The national Black Lives Matter movement against police brutality has been localized to UC Berkeley’s campus, as several reforms are being made to UCPD, limiting its scope and creating public safety alternatives.
UC Berkeley Chancellor Carol Christ sent a campuswide email Thursday outlining her proposed reforms for the campus UCPD force. According to the email, the proposals stemmed from letters and conversations with community members calling for accountability, as well as recommendations from Christ’s Independent Advisory Board on Police Accountability and Community Safety.
“Elements of our country’s law enforcement culture dehumanize some of the very people whose safety and wellness police officers are sworn to protect, especially the Black community,” Christ said in the email. “The onus is on us.”
In response to the calls for reform, carotid holds are now banned from UCPD officers’ practice, according to Christ’s email, and police protocols and written policies will be updated to ensure that use-of-force policies are “as restrictive as possible.”
Christ also said a team of mental health professionals will now respond to noncriminal calls for wellness checks and mental health emergency interventions, in place of armed police.
In addition to the personnel changes, UCPD’s level of militarization will be assessed in an audit to look for “excessive” equipment that is unnecessary for protecting the community. The audit will also examine the scope of police, according to Christ, who said at several points in the email that the role of UCPD officers will be restricted to responding to criminal calls. UCPD will also be relocated from Sproul Hall in order to make the building — located on Sproul Plaza and near the entrance to campus — “more welcoming.”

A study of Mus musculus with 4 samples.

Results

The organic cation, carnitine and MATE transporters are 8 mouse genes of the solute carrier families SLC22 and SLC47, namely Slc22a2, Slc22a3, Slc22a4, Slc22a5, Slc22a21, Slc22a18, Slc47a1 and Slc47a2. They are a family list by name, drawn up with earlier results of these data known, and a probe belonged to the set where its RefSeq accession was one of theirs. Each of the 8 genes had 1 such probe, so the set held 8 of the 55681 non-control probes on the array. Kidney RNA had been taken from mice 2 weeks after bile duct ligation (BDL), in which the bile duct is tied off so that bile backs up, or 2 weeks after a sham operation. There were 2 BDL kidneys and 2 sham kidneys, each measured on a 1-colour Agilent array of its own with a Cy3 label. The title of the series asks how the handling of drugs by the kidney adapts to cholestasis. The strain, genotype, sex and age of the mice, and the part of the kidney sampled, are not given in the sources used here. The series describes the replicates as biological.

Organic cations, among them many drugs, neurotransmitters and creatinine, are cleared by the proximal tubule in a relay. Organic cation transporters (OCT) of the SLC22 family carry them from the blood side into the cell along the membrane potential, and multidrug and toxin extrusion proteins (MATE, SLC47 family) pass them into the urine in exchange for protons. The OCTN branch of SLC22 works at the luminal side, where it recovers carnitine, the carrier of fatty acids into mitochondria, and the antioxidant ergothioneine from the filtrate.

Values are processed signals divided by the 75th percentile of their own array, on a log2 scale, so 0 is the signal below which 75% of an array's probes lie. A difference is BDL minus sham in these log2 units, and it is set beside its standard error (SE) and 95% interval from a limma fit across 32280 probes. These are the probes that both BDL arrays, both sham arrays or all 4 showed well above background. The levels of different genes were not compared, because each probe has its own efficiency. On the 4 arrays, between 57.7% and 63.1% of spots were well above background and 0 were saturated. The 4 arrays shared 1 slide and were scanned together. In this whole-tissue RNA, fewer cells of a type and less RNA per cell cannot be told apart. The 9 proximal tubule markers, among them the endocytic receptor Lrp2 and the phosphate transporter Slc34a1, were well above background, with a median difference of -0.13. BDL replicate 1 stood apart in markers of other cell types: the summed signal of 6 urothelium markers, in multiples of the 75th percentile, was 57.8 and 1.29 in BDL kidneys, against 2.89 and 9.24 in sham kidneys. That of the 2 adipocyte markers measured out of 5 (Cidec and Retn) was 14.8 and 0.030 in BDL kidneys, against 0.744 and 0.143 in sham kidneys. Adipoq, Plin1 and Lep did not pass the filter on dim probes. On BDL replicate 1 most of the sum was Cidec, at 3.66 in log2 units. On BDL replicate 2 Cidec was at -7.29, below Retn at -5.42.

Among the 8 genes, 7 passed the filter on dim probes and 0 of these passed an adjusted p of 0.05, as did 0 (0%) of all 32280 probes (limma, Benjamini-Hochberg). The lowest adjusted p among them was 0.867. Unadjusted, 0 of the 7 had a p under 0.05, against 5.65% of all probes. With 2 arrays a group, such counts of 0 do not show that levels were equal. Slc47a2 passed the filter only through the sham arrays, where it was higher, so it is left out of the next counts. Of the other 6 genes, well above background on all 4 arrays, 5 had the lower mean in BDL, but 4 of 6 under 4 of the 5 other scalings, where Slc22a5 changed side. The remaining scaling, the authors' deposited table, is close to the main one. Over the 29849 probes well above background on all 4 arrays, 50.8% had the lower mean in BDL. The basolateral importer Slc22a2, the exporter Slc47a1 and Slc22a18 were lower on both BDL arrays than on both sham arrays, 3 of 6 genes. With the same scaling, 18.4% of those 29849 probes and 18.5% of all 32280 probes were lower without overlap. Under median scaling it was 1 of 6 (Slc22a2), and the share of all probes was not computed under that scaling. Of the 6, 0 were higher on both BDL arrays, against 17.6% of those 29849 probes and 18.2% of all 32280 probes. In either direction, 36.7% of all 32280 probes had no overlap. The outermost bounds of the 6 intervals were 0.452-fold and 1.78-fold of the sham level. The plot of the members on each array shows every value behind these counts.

“We acknowledge the harm that can be done by a militarized police force,” Christ said in the email. “Over the years, the scope of law enforcement has grown, and it is time to re-assess it.”
According to Christ, these changes will involve a time-intensive process of working with the independent advisory board, Black students, Black community members and UCPD to implement the new protocols and reforms — particularly the headquarter’s relocation and the creation of a professional mental health response team.
ASUC President Victoria Vera said she plans to use her platform as an executive in the student government to amplify Black voices in conversations with campus administration and to provide Black activists, who have been advocating for UCPD reforms for years, access to the meetings with administrators.
Vera emphasized that, while she is glad that the reforms are being worked on, the fight for UCPD reforms is not new and has been carried out by many generations of Black UC Berkeley students. She added that she wishes the UCPD reforms were stronger.
“UCPD is not exempt from the national conversation that’s happening right now about policing in the United States,” Vera said. “We need to do better. We need to be doing good by our students and people.”